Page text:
Navy secretary defends his unusual picks for ship names
Associated Press | .
published: September 15, 2016
Navy Secretary Ray Mabus has raised a few eyebrows with some of the names he has picked for naval ships.
Why, critics questioned, would he name a ship in honor of the late gay rights leader Harvey Milk or after former U.S. Rep. Gabrielle Giffords when there are plenty of military heroes to choose from?
Mabus has said he is honoring people who have shown heroism, just as past navy secretaries have done. He said he believes that by looking outside the military, at times, for heroes, he can help connect people with the U.S. Navy and Marine Corps.
Mabus is officially announcing five new ship names on visits to Mississippi and Massachusetts beginning Saturday. Among the group, a replenishment oiler will bear the name of abolitionist Sojourner Truth.
"I have named ships after presidents. I have named ships after members of Congress who have been forceful advocates for the Navy and Marine Corps," Mabus said in a recent interview. "But I think you have to represent all the values that we hold as Americans, that we hold as a country. And so that's why I've named ships the Medgar Evers, Cesar Chavez, John Lewis, the Harvey Milk. Because these are American heroes too, just in a different arena."
Republican U.S. Rep. Duncan Hunter, of California, objects to Mabus naming ships after Milk, farm labor leader Chavez and others. He wants ships to be named after service members honored for valor to inspire their crews.
Evers and Lewis were civil rights activists. Lewis is now a Georgia congressman. A measure stalled recently in the House that would have prevented the Navy from naming ships after lawmakers who haven't served in the military or as president.
Retired Vice Adm. Doug Crowder questions naming a ship after Giffords, who survived after being shot during a constituent meeting. It's the secretary's right to name ships, and previous secretaries have made political decisions, but there's an inherent risk in making a string of political statements, said Crowder, who served as a deputy chief of naval operations before retiring in 2010.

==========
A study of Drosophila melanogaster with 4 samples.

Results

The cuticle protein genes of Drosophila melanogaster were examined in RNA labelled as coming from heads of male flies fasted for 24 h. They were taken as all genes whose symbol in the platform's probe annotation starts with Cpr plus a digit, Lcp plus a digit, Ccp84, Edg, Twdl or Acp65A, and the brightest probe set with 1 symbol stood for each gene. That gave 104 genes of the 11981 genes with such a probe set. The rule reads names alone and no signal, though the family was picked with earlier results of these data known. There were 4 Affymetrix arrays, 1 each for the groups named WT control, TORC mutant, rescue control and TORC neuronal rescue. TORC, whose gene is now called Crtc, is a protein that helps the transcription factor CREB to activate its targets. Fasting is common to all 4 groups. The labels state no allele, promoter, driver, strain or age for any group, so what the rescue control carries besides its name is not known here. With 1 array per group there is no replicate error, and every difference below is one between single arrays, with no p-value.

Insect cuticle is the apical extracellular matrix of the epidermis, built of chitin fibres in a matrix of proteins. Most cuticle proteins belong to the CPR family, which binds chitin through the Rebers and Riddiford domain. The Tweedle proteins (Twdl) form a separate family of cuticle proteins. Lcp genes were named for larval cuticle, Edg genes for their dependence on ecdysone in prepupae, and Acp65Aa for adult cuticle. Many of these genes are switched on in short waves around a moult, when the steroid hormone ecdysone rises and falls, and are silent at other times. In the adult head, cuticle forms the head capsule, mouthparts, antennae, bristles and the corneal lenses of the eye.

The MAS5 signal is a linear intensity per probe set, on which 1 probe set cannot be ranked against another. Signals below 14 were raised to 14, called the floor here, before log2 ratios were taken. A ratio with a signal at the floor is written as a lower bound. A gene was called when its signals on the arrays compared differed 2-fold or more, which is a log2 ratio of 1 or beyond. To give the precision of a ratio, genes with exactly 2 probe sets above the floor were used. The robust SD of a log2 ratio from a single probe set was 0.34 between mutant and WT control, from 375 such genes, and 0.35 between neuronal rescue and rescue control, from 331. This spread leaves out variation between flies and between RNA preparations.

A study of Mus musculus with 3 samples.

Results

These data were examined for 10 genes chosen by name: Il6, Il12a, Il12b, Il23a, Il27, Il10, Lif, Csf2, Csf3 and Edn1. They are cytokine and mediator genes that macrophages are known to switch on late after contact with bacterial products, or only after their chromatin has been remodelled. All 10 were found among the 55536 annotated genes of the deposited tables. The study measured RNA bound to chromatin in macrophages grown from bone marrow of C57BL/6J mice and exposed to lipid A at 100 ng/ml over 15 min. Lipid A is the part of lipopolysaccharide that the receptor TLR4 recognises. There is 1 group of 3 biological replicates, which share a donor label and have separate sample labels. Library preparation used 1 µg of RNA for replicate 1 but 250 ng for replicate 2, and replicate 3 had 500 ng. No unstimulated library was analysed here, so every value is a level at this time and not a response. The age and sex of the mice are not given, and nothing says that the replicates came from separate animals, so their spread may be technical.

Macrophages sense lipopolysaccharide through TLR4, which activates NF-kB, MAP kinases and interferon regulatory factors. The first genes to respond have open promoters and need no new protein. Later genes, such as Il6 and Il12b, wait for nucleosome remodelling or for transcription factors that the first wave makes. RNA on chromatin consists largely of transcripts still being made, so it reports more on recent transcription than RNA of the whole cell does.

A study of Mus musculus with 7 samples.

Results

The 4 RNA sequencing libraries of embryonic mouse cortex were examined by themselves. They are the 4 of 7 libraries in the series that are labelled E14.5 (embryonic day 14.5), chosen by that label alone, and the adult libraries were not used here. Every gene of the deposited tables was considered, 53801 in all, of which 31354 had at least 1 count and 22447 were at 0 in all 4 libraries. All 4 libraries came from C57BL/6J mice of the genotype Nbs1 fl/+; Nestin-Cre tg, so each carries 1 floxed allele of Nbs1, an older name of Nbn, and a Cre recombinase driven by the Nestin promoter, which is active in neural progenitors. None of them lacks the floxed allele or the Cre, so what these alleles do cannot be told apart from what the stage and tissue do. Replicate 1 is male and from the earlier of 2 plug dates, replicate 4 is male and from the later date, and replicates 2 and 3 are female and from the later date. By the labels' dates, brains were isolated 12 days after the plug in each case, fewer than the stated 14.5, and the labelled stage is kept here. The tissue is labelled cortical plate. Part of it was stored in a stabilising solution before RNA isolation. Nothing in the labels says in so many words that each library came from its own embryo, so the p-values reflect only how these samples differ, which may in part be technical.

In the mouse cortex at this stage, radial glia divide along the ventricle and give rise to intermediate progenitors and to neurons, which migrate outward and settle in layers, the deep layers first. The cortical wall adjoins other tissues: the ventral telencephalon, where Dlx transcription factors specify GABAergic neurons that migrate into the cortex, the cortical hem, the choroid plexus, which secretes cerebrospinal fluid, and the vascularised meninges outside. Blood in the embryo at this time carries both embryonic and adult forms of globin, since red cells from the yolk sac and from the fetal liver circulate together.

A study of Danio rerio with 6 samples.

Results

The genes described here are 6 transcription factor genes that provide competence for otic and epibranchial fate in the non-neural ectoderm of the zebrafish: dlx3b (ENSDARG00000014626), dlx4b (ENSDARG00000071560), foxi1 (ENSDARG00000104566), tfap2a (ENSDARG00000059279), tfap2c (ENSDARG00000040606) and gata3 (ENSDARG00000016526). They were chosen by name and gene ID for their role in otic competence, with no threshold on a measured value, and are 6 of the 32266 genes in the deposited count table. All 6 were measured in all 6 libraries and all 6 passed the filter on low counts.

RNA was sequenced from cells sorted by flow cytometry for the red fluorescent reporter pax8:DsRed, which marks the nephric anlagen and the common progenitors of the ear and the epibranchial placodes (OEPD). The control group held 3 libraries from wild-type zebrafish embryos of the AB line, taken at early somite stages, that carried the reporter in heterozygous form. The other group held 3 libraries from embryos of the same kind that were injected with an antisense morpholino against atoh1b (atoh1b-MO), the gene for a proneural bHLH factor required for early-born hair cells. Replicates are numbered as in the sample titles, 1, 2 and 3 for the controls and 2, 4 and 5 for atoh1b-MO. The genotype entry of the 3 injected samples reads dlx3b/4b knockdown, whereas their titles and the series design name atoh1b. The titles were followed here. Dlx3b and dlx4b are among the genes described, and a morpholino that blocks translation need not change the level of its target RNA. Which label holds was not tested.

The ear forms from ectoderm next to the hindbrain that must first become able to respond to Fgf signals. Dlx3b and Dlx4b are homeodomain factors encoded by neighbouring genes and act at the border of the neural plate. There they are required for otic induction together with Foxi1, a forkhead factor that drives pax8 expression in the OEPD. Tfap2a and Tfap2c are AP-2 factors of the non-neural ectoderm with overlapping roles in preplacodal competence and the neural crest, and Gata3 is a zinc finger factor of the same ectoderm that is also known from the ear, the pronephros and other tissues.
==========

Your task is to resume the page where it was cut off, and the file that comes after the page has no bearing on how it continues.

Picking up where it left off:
"It just doesn't help at all for what the basic sailor or officer thinks of his chain of command, up to the secretary of the navy," he said. "Is it catastrophic? No. But that's the risk you run."
Crowder said he doesn't think a ship should be named after Peyton Manning, either, "to take it to the ridiculous end state to make a point."
Democratic U.S. Rep. Joe Courtney, though, argues the names are in sync with the military's embrace of a changing society. Chavez is an iconic name in the Latino community, as Milk's name is in the LGBT community, said Courtney, of Connecticut.
Mabus noted that he's naming nine ships after Medal of Honor recipients, including World War II Marine John Basilone.
A naval historian said Mabus follows naming conventions, for the most part.
"He has made some, what people would consider exceptions to the rules, because in his view it was the right thing to do to reach out to different communities in the country," said David Winkler, of the Naval Historical Foundation.
It's also up to the navy secretary to choose sponsors to christen the vessels, and Mabus is willing to break with the tradition of having female sponsors.
Mabus said he asked the male spouse of a female naval officer to sponsor a ship but was turned down.
Facebook's chief operating officer, Sheryl Sandberg, and the women who integrated Little Rock's Central High School in Arkansas in 1957 are sponsoring submarines. Transgender Navy veteran Paula Neira and Sen. Dianne Feinstein are sponsoring Milk's ship.
On Saturday in Mississippi, Mabus plans to announce that two destroyers will be named after Medal of Honor recipients Jack H. Lucas and Louis H. Wilson Jr.
In Massachusetts on Monday and Tuesday, he'll name replenishment oilers after Truth, suffragist Lucy Stone and Robert F. Kennedy, bringing the total number of ships he has named to 86.
He's not the only navy secretary who has raised eyebrows with ship names. George Washington wanted the names of the Navy's first six ships to be inspired by the Constitution.
The first five were. The nation's first navy secretary, Benjamin Stoddert, arbitrarily named the sixth ship the USS Chesapeake.